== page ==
The best way to avoid tax debt is to stay current on your taxes. Filing returns and paying taxes on time will save you from the headache of having to pay interest, penalties, and fees that stem from being delinquent on your taxes.
When you are facing state tax debt, it’s often best to seek out professional assistance with your tax woes. Solvable is revolutionizing the process of connecting with reputable tax professionals, and we encourage you to take advantage of our user-friendly platform.
If you live in Illinois and are struggling with tax debt, don’t give up hope.
State tax debt is a bit more complicated than Federal tax debt which involves the Internal Revenue Service (IRS). With Federal tax debt, there is consistency in the way the IRS works to collect the debt. The IRS has rules and regulations that apply to each taxpayer regardless of the state in which you reside or do business.
States do have some consistency concerning tax laws, but they also have unique tax laws that only apply to their residents. If you have lived in one state all of your life, then you should have a grasp of the tax laws specific to you.
If you haven’t dealt with tax debt before or have moved to a different state, you may not understand the precise nature resolving tax debt. If your experience involving tax debt is lacking, you should make a conscious effort to learn all you can about handling tax debt in your state.
Depending on the particular circumstances regarding your Illinois tax debt, even if you can’t pay your balance due, requesting a payment plan may be the best option. If you find yourself in financial hardship and you can’t pay your taxes in full to the Illinois Department of Revenue (IDOR), you can request an Installment Payment Plan from the IDOR.
As with any revenue service, the Illinois Department of Revenue is very cryptic with how they make decisions when considering an Installment Payment Plan request. However, IDOR does have specific application steps to follow.
First, you must complete the Form CPP-I, the Installment Payment Plan Request. You may also need to complete Form EG-13-I, Financial and Other Information Statement for Individuals or Form EG-13-B, Financial and Other Information Statement for Businesses. Requests totaling more than $5,000 require all of your tax returns to be up to date. You must also include all of your tax debts from the past and present in the payment plan.
Payment methods available for approved Installment Payment Plans are the Automated Clearing House (ACH) debit program, MyTax Illinois, credit card, pay-by-phone, and mailing in a payment via check. You can authorize the ACH debit program by completing Form CPP-1-A. Cancelation of the ACH authorization is possible at any time with written notification to the IDOR. The IDOR encourages using the ACH debit program to help reduce the risk of having late payments.
MyTax Illinois is a free account management program that allows you to, manage your tax account, view balances, file returns, and make payments. Credit card payments are accepted for individual income tax. MasterCard, Discover, American Express, and Visa are all accepted. Each of the card service providers assesses convenience fees.
Pay-by-Phone allows you to use an automated system that can help you authorize payment via electronic withdrawal from your checking or savings account. The phone number for this service is (866) 490-2061. You can also mail in payment via check to the following address:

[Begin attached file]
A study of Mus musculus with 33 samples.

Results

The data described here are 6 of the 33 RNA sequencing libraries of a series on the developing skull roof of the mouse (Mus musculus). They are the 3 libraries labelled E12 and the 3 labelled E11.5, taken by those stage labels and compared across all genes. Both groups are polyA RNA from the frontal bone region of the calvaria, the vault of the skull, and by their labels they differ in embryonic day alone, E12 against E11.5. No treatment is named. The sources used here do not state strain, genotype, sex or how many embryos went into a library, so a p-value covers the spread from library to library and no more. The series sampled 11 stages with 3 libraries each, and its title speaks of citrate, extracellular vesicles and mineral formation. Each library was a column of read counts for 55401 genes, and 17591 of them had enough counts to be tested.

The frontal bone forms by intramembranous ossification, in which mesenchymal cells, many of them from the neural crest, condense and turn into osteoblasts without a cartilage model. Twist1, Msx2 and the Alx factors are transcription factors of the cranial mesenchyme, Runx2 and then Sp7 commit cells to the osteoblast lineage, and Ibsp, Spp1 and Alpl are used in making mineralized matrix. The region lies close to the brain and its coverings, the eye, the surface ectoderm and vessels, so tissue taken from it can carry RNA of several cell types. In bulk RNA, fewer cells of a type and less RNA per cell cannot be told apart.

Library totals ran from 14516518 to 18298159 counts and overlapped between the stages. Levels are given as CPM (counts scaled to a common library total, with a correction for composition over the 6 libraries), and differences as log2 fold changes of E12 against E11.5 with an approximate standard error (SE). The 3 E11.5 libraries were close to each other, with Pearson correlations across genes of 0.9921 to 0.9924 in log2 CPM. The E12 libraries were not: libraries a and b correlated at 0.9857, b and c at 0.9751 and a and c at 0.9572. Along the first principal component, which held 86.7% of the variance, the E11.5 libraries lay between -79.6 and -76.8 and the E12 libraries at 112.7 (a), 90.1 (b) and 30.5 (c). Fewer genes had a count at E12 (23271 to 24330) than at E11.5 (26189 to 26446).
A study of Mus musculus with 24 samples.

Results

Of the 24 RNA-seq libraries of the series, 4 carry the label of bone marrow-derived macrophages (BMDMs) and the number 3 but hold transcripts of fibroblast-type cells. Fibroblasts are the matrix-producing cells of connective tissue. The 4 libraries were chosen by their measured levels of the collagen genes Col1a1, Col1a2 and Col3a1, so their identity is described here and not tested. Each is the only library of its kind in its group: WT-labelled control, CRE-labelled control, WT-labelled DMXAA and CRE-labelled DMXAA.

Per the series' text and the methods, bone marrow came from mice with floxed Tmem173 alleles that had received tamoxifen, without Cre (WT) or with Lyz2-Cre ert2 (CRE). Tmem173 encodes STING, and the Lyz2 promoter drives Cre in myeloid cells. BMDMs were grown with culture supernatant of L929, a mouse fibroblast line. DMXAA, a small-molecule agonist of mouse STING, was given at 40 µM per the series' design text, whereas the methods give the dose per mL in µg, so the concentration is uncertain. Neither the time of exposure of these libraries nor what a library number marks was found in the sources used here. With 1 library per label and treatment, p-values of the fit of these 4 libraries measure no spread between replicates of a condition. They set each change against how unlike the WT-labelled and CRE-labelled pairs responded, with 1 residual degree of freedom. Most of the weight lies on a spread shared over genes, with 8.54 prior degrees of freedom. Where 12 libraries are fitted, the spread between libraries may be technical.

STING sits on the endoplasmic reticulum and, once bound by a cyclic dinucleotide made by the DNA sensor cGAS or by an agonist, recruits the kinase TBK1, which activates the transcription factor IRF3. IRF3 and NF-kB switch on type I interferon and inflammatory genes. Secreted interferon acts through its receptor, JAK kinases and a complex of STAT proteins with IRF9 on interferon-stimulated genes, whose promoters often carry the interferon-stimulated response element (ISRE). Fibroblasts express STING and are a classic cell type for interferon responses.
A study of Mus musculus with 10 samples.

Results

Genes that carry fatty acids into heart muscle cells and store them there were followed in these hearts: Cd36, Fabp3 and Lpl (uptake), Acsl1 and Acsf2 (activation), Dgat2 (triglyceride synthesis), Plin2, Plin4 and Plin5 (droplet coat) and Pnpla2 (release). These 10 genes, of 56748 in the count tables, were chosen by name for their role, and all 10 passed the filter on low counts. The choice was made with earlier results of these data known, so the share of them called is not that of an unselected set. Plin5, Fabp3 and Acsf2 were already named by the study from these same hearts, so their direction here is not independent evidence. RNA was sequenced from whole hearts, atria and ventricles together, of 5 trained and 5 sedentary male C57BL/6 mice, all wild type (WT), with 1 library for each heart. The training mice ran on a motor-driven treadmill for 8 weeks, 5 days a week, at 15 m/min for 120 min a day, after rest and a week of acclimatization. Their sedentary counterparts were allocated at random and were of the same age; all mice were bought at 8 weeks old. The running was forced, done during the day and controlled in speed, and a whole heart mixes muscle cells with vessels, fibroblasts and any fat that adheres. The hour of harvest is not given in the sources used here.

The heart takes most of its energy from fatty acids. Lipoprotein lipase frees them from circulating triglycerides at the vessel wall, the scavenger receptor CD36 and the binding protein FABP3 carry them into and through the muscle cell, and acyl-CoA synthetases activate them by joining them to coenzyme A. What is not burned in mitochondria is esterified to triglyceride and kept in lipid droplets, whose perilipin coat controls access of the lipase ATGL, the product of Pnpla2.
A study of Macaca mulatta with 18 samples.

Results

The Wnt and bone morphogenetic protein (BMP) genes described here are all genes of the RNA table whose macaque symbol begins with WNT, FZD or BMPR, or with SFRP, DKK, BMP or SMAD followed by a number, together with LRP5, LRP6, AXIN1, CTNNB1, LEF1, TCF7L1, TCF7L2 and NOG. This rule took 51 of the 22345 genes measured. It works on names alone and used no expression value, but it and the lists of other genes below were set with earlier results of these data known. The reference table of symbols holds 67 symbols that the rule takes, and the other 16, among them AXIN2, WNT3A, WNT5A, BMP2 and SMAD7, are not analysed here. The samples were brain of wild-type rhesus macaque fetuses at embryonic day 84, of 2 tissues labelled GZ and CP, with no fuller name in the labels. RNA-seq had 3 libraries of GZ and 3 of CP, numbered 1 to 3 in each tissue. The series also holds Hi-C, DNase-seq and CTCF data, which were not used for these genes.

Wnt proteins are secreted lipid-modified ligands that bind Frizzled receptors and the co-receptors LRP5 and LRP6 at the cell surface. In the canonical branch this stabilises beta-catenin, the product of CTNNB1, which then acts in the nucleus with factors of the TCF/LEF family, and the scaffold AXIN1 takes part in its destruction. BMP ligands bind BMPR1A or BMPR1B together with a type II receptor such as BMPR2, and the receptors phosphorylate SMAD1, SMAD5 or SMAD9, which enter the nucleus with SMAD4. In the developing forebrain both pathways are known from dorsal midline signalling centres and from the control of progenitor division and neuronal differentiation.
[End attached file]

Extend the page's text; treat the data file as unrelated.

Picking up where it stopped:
After you have taken steps to request an Installment Payment Plan with the IDOR, you can’t do anything other than wait for them to contact you back to inform you of their decision. If you receive word from the IDOR that they are declining your request, It could be due to several factors. We are going to equip you with a brief overview of those factors so you can prepare in advance before applying for an Illinois Installment Payment Plan.
If you can pay the tax debt outright or you can secure a loan from a financial institution to cover the full amount of the debt, the IDOR may decline your request. You should research these options thoroughly before applying. The IDOR may also reject your application if they determine that you are NOT trustworthy to make payments in an installment agreement. If this is the case, they may approve an Installment Payment Agreement but will place tax liens on your assets.
Even if the IDOR determines that you ARE trustworthy to make payments in an installment agreement and approve your request, they still reserve the right to enact tax liens at any time and for any reason. If your paperwork for the request has incoherencies, they can request more information from you or decline the application altogether.
You could make a positive impact on the IDOR’s decision concerning your Installment Payment Plan request by implementing specific strategies. These strategies include paying a down payment of 20% or more on the tax debt, agreeing to the highest payments that you can afford, and keeping the payment plan at or less than 24 months.
Ultimately, the IDOR has full autonomy when it comes to approving you for an Installment Payment Plan. Taking steps to improve your chances of approval are always best but doesn’t guarantee that the outcome will be to your liking. When requesting this type of payment plan with the IRS or a State Revenue Service, there is always a risk of rejection.
Handling the process alone could be more stressful than you might want to endure. If that is how you feel, hiring a tax professional to take some of the pressure off may be the right choice for you. Do your homework and learn the facts of your circumstances, determine if the complexity of the situation is beyond your comprehension, and implement a plan of action to resolve your Illinois tax debt. Remember that taking advantage of Solvable’s services is just a click away.